The Sance community’s local school welcomed 300 students through its doors every day. Unfortunately, the school lacked one critical component for fostering an effective learning environment—safe water. The school had one hand pump on its grounds, but the pump was rusted beyond use. In addition, students who drank from this water source often fell ill to various diseases, including cholera, typhoid, and diarrhea. Without a safe water source, students were burdened with the responsibility of finding water to drink during the school day. This additional obligation sometimes made students late for class or forced them to miss lessons altogether. In some cases, students fell so far behind that they dropped out.

A lack of safe water at school not only meant that students went thirsty but also that school staff didn’t have the resources to prepare safe meals or practice proper sanitation. Unsafe water meant that the school’s bathrooms couldn’t be cleaned appropriately, further spreading germs among the student population. The water crisis’ grip on the school became increasingly alarming until students were forced to spend their family’s money purchasing water from local vendors. This was an expensive, short-term solution. Therefore, the school’s water problem crept into the community at large, stifling development, and confining residents to a cycle of sickness, need, and spending.

Louisel Joseph is a 39-year-old teacher at the school. He said,“The community members were suffering while this pump was broken. We used to walk an hour to get unsafe drinking water. During the ten months the pump wasn’t functioning, parents worried for their children who used to go elsewhere to get water, especially because of the socio-political insecurity in our area.”

Residents were overwhelmed by the perpetual poverty within their community, disheartened that their children couldn’t harness their full potential at school. Leaders from the community and the school administration joined together, resolving to provide better lives for their children by requesting help.

Our staff visited the community and found that the residents desperately needed a safe water source. They were also ready to care for a water system, so the staff announced the rehabilitation of the well at the school! Finally, the students and school community could have unfettered access to safe water!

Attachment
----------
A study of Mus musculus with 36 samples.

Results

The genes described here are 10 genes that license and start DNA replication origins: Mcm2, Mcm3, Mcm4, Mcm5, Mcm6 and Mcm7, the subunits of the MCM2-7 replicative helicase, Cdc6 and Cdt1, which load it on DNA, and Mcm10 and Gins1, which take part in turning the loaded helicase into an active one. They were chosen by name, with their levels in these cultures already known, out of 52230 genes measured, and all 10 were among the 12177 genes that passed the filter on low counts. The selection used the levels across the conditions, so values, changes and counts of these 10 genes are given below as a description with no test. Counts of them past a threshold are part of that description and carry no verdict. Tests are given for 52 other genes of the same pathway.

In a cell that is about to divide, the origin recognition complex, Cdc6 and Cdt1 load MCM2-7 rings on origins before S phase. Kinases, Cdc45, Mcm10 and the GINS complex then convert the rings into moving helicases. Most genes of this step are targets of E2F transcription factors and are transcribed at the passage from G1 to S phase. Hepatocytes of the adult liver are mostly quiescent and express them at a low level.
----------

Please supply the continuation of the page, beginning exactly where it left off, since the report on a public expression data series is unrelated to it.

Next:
Our team helped the students and staff at the school work to secure a future of safe water access by implementing several sustainability methods. One of these was the appointment of a water committee. This committee, comprised of both teachers and students, will collect a small, agreed-upon fee per household for water usage. These fees will be used to cover any replacement parts or repairs the well might need in the future. Our team will stay in contact with the group in order to monitor the functionality of the well.

In order to help the residents understand how to use their new safe water in order to improve their health, a sanitation and hygiene promotion activity was held for the community. These interactive training sessions used a variety of hands-on methods to make them interactive and memorable. The team showed the participants how to take care of the pump and properly store the safe water. Additionally, the team used visual aids to explain how germs and diseases are transmitted, as well as the importance of thorough handwashing and proper latrine usage.

Mr. Joseph is confident that the school’s new water source will allow his students to reach their full potential. He and his fellow teachers are grateful that they can focus on teaching their students, rather than worry about where the children will get their next drink. He said, “The situation has completely changed now that safe drinking water is available in the community.”
Exact Coordinates: Latitude: 19.4573713 | Longitude: -71.7596401
Source/Location:Rural School
Previous Water:Hand-Dug Well
Total Users:300
Main Water Collectors:Students
Pump Type:Hand pump
Depth of Well:24 m
Coliform Bacteria:Absent
The hand pump on this well was broken for nearly a year.
The well is flushed before chlorinating the water.
A local woman uses the new well for the first time!
Save water give life Well Report
A staff member educates students and their families.